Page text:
Vintage diploma nursing schools had rigid, authoritarian rules for just about everything that could be construed as fun. From restrictions on outside visitors, especially men, to strict study hours, all recreational outlets were meticulously managed with onerous regulation. The rules regarding alcoholic beverages were especially strict and came from the hallowed chambers of The Hospital Board of Trustees. This mysterious and often cited governing body was a force to be reckoned with because just one measly slip up of their regulations could get you expelled from the nursing program.
According to the esteemed board, alcohol was the ultimate in forbidden fruit, especially for stressed out and underaged nursing students. The notion that imbibing in the magical elixir of alcoholic drink was wrong, made it all the more appealing. Diploma nursing students were in the same boat as Eve in the Garden of Eden.
By the time nursing specialties: pediatrics, psych, and obstetrics, rolled around, nursing students were feeling the pressure of their chosen vocation. I was going to say chosen profession, but we were brain washed into submission and nobody really believed we were worthy of such a lofty title. I'm just a nurse was our mantra. Doctors were professional-nurses were not.
All nursing specialties were difficult and stressful. Cures for seriously ill children were few and far between. Leukemia of any variety was a death sentence. Our clinical psych experience was on the back ward of a state hospital and it was your lucky day if your patient wasn't homicidal. I don't know which was more trying on your soul, psych or pediatrics. It was a toss-up.
Obstetrics was different, especially post partum where the exuberance of young mothers was uplifting. Our time in OB was rotated in monthly intervals through delivery room, nursery, and post partum. Everyone had their particular favorite, but delivery room duty was the highlight of just about any young student nurse's training. The miracle of birth was something that stayed with you and served as an antidote to all the pain and suffering in the rest of the hospital. Birth and death were the ultimate Yin/Yang experience.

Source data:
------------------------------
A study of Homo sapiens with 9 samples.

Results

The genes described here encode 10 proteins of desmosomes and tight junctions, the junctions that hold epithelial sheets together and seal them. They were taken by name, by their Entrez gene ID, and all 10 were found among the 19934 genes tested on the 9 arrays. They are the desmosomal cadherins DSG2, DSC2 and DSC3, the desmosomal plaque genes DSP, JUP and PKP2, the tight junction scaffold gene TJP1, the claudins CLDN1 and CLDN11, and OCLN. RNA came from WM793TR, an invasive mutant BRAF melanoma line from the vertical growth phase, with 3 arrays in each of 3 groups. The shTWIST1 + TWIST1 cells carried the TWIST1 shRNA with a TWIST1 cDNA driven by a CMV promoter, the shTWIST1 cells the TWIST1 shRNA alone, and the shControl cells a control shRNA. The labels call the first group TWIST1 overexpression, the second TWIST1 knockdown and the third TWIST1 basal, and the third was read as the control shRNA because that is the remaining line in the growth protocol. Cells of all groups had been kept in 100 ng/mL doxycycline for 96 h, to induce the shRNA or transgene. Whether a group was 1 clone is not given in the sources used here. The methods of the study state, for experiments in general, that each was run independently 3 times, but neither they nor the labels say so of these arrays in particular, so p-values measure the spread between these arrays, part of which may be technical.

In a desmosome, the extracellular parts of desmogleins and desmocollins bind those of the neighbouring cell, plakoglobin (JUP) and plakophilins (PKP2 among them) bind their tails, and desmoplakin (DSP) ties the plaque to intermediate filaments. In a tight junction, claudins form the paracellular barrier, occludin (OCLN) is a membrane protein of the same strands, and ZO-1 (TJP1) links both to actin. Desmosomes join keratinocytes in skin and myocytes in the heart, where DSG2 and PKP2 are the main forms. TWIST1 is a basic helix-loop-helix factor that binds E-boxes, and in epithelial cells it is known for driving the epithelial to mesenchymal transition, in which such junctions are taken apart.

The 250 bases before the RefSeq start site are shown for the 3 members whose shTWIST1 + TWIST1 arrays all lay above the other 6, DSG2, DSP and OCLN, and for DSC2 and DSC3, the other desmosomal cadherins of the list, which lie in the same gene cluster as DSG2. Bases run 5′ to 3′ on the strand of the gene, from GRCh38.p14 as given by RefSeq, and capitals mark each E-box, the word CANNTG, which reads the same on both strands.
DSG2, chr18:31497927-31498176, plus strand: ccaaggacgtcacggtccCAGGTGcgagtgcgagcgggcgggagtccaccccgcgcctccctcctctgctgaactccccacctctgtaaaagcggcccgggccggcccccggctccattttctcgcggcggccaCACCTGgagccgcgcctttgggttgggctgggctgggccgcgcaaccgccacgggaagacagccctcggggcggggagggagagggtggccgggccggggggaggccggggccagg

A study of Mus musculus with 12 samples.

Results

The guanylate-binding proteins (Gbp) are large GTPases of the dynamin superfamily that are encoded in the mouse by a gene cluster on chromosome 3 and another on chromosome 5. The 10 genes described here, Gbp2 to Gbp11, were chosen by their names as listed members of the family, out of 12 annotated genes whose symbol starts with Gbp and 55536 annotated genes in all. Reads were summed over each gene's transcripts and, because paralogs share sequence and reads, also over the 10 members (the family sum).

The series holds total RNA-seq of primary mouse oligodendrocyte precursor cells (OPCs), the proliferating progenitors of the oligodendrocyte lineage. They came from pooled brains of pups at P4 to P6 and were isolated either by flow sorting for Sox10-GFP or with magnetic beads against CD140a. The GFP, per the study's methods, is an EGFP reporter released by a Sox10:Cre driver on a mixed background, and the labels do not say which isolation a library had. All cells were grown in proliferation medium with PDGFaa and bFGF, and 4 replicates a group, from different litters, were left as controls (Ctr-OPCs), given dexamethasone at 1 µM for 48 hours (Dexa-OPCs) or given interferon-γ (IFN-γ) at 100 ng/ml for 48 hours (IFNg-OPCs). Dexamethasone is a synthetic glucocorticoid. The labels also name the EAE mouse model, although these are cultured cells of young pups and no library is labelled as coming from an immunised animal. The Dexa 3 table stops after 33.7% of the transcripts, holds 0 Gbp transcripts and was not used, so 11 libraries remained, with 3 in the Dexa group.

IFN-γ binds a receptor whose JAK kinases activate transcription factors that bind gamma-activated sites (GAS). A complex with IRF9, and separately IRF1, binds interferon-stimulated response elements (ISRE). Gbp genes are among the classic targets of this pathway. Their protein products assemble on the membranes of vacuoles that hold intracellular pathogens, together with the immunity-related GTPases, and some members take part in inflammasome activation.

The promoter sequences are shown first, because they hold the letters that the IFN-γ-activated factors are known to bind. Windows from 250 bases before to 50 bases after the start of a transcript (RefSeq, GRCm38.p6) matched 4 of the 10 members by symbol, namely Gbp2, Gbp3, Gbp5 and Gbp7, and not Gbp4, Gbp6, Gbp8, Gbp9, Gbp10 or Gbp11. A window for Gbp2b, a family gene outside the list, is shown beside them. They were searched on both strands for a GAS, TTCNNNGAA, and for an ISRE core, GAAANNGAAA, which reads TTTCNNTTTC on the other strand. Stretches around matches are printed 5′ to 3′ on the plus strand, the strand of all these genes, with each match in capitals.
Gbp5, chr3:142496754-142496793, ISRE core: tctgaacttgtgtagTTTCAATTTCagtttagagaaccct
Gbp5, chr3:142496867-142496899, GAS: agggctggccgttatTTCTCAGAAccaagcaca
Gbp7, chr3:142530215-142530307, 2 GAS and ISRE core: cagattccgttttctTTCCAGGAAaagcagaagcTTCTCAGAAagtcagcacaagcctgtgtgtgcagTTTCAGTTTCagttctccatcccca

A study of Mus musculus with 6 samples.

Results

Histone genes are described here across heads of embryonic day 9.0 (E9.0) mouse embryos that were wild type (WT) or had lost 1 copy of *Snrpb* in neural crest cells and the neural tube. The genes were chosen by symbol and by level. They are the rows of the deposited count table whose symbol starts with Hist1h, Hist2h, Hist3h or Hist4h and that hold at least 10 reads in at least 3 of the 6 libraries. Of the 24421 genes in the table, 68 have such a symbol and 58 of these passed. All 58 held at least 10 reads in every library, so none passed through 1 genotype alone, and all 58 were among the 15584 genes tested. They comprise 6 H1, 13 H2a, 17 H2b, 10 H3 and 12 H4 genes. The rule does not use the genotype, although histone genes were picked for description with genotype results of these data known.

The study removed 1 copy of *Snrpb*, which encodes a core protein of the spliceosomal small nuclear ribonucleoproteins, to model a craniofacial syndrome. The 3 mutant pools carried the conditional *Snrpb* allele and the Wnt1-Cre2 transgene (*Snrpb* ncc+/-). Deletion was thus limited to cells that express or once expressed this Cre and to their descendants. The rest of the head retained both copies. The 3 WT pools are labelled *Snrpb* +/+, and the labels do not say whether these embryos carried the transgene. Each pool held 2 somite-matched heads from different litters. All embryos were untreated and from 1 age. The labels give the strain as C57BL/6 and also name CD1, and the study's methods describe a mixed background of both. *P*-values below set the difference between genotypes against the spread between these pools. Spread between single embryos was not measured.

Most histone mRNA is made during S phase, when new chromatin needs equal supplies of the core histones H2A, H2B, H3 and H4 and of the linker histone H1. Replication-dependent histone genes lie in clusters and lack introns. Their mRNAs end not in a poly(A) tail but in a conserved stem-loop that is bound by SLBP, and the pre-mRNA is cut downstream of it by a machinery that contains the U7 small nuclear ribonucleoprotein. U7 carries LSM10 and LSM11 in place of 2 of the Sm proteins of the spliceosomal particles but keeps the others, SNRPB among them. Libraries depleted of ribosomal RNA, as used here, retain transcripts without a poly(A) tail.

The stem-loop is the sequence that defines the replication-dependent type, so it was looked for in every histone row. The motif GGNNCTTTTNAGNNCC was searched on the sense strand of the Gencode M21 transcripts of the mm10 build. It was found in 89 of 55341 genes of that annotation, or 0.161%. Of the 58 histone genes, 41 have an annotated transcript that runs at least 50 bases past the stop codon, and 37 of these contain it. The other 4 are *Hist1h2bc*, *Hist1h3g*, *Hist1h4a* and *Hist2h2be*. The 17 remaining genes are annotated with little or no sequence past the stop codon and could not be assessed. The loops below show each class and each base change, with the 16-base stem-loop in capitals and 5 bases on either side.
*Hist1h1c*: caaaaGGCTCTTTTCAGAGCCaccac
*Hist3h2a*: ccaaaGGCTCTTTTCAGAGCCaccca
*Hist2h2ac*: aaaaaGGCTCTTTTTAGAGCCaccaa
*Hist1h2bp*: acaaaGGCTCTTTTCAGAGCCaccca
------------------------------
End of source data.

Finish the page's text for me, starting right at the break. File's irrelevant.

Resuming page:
The delivery room had another up side. Stashed right next to vials of silver nitrate which was used prophylactically in babies' eyes to prevent blindness from contact with gonorrhea was a stack of blank birth certificates.
The unwritten rule was that each student nurse was entitled to one blank birth certificate at the conclusion of their delivery room rotation. Students treasured documents from their various specialty rotations and I still have a plundered birth certificate along with a sponge count record from the OR and a restraint and seclusion record from psych.
I first learned what could be done with a blank birth certificate from one of my fellow students who had been released from Cook County School of Nursing as being unsuited for the practice of nursing. That "unsuited" business was a catch all phrase that covered a multitude of sins and was a step up from academic failure because some of these students were able to transfer to another diploma nursing program after "maturing." Transfer students were a valuable resource when it came to surviving nursing school because they knew many of subtle ins and outs of getting through the madness of three years of torture.
Light fingered nursing students knew exactly what to do with a poached birth certificate. "All you have to do is fill in your own name with a birthdate of more than 21 years ago and the document becomes your ticket to freedom from the evil clutches of the sanctimonious "dry" hospital environs," explained one of these wise transfer students. Time to unleash the libations.
Barkeepers found the neighborhoods surrounding hospitals as fertile ground for their trade. There was no shortage of stressed out workers that had pay checks to support their bar tabs. These taverns often had clever names like "Recovery Room" or "Barborygmi." The bar of choice near our hospital was "Ratzos" and the barkeep would just wink and pour when presented with a birth certificate with freshly inked infant footprints. This little charade had been going on for a very long time and was one of the dirty little secrets of old school diploma schools. Cheers! as Sue would say.